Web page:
October 15, 2014 admin

Written by: Carrie Dahl

A few weeks back I had the privilege of hearing Josh Mathews preach from Deuteronomy 6:1–9. It was an excellent sermon encouraging the body to make the word of God central in our lives by reading it, thinking about it, memorizing it and teaching it to our children. After coming out of a fairly “dry” summer as far as consistent Bible-reading goes, it was exactly the sermon I needed to hear. My priorities needed to be rearranged, and the sermon definitely helped my heart to elevate God’s word into top priority category.
There was just one problem with my heart on Sunday as I listened to the treasure of God’s word being preached. 

As Josh unfolded his sermon, my sinful heart started to take the truth Josh was preaching and make it about me. As Josh preached about reading God’s word to our kids, my initial feeling was guilt. I started to imagine my new life (beginning Monday) where I woke before 6 am to prepare a hot meal of eggs and waffles; I would then open my Bible and gently and fervently read the word to my children and help to turn their sweet little hearts to Jesus, a mug of coffee in hand, of course. 

In this imagined scenario, I already had my hair done, makeup on and was dressed for the day. Picture a scene from Norman Rockwell minus the heels, apron and pearls (even my imagination is not THAT good). My children were eating their hot breakfast while eagerly asking questions and soaking in all the truth I was heaping upon them. 

Insert record-scratch sound right about here…. 
Oh yeah, reality….
Even before the sermon was over, I remembered a blog post I had read and reposted a few days earlier. The blog was titled, “Dear Mom Who’s Trying” and was written mainly to moms who constantly feel like a failure as they heap unrealistic expectations on themselves and their children. The blog post wrote about the many ways moms set themselves up for failure by trying to change themselves and their lives by just trying harder. It’s not only women who struggle with this issue, it’s everyone, it’s our human-nature. It’s our default mode, if you will. 

I looked around the congregation during the sermon and wondered how many people were feeling guilty even though Josh very clearly spoke graciously and without any condemnation, several times acknowledging the difficulty in leading lives devoted to God’s Word. Our default mode is to make it about ourselves. After the initial feelings of guilt and failure, we then pull ourselves up by our boot straps and silently start making plans for how we will make ourselves better. Thankfully, I remembered the main verse from the blog post before the sermon was over.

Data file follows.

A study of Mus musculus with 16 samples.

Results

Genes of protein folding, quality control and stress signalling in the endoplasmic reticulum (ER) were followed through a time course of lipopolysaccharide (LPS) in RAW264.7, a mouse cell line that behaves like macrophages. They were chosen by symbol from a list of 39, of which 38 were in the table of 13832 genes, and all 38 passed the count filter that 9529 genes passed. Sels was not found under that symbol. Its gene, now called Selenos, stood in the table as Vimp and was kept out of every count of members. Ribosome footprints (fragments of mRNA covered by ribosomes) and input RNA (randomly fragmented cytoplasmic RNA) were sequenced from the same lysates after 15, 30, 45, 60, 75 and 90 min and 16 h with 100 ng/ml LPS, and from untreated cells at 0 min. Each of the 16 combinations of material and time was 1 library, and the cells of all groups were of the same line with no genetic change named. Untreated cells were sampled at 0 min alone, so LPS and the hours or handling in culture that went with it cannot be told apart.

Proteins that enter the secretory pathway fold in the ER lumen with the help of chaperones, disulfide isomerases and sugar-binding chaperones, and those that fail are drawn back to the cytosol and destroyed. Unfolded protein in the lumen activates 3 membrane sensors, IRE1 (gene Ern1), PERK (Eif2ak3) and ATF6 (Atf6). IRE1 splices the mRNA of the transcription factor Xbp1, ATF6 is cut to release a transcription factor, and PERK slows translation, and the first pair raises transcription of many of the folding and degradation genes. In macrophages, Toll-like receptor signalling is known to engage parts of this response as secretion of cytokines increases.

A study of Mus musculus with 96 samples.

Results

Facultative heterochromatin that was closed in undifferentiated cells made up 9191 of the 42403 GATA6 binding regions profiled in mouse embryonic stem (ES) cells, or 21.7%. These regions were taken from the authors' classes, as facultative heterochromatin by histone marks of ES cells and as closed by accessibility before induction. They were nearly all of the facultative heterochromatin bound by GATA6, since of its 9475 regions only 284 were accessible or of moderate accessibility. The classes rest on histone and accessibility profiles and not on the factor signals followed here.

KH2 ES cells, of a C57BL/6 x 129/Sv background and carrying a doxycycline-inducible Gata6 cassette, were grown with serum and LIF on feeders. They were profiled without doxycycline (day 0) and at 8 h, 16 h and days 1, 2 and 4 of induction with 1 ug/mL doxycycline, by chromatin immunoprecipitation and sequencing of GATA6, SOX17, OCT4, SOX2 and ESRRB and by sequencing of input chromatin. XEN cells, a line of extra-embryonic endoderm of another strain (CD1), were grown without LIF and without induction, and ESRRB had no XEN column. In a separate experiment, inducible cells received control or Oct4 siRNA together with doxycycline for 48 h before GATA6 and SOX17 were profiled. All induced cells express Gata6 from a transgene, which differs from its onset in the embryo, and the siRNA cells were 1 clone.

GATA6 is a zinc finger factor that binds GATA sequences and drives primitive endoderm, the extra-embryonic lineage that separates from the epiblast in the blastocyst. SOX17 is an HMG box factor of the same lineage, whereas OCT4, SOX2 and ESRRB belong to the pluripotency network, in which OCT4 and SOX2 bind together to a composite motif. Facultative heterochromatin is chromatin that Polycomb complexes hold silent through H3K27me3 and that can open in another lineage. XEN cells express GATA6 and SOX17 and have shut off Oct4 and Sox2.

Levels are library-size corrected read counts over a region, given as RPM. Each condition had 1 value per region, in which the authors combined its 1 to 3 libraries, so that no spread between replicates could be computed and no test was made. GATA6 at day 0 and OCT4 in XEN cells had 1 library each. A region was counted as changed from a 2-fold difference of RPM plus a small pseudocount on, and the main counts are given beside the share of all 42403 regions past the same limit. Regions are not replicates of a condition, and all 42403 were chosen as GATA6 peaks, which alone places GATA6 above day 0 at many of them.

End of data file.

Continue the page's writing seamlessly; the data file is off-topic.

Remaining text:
“‘Not by might nor by power, but by my Spirit,’ says the Lord Almighty” (Zechariah 4:6).

I had to laugh at how often I forget this very, very important truth. If I am trying to improve myself by being a better wife, mother, friend, etc., if I try, try, try in my own strength, running on empty then, yes, I will always feel like a failure. Or maybe you aren’t like me, with all my displaced self-confidence and zeal to be better. Maybe you stopped listening halfway through the sermon knowing Bible-reading is just one more thing you’ve already failed at and why bother starting when you’ll just fail again after one week. Both these attitudes are rooted in the flesh and not relying on God to complete the good work in us (Philippians 1:6).
In the above mentioned blog post, Ruth Simons writes: 

“Today, if you feel defeated before even trying…or if you feel confident and on top of your game….consider if the on/off switch to your bravery is fueled by might and power…your own. Dear friend, if it is, you are in for a roller-coaster. You are strapping in for a ride that can only take you high on self, or low on self-loathing.”

We need Jesus. We need him every day, all the time, which ironically brings us full circle. How do we know Him, how do we rely on Him, love Him, make Him first in our life? Well, the best way to know Him is through His Word! 

Now before we start imagining ourselves as champion Bible-readers, let’s pray and ask God to help us to walk in His Spirit. Pray He will give you a desire to know Him, and pray He will help you to read your Bible, not turning it into a task to check off. Ask Him to show you ways you can set up a routine or accountability. 

Knowing I had a very dry summer, I decided to join the Good Shepherd Women’s Ministry Bible study. I recognize I’m not prioritizing the Bible without accountability so I’m seeking help in the form of a group Bible study. There are many ways to make the Bible a priority in your life and it will look different for all of us. Learn to rest in the fact that God’s mercies are new every morning. Every day we have a fresh start and another opportunity to know God. 

And may I just share a very small victory with you? Yes, a victory on the Monday after the sermon. I did read the Bible to my kids this morning! I read a paragraph of John, in the clothes I wore the day before, not wearing makeup, while my kids shoveled down cereal. It was about 4 minutes of Bible and my kids were barely interested. Will I read to them every morning? Probably not, but I am thankful for the sermon on Deuteronomy 6:1–9, and I’m thankful God used it to change my heart toward Him and His Word. I will continue to pray the Lord will help me to read the Bible to my kids and myself. 
So, take a deep breath, brothers and sisters. It’s not about you and improving yourself. It’s about Him. The guilt, the list of to-do’s, the dreams of bettering yourself in your own “might and power” are NOT from Him, they are from your flesh. But the beauty of walking in the Spirit and abiding with Christ is that He does better us! He empowers us to become more like Him. When we stray into “try harder” mode, He gently leads us back and shows us He is the way. He loves us, and He longs for us to walk with Him in freedom and joy!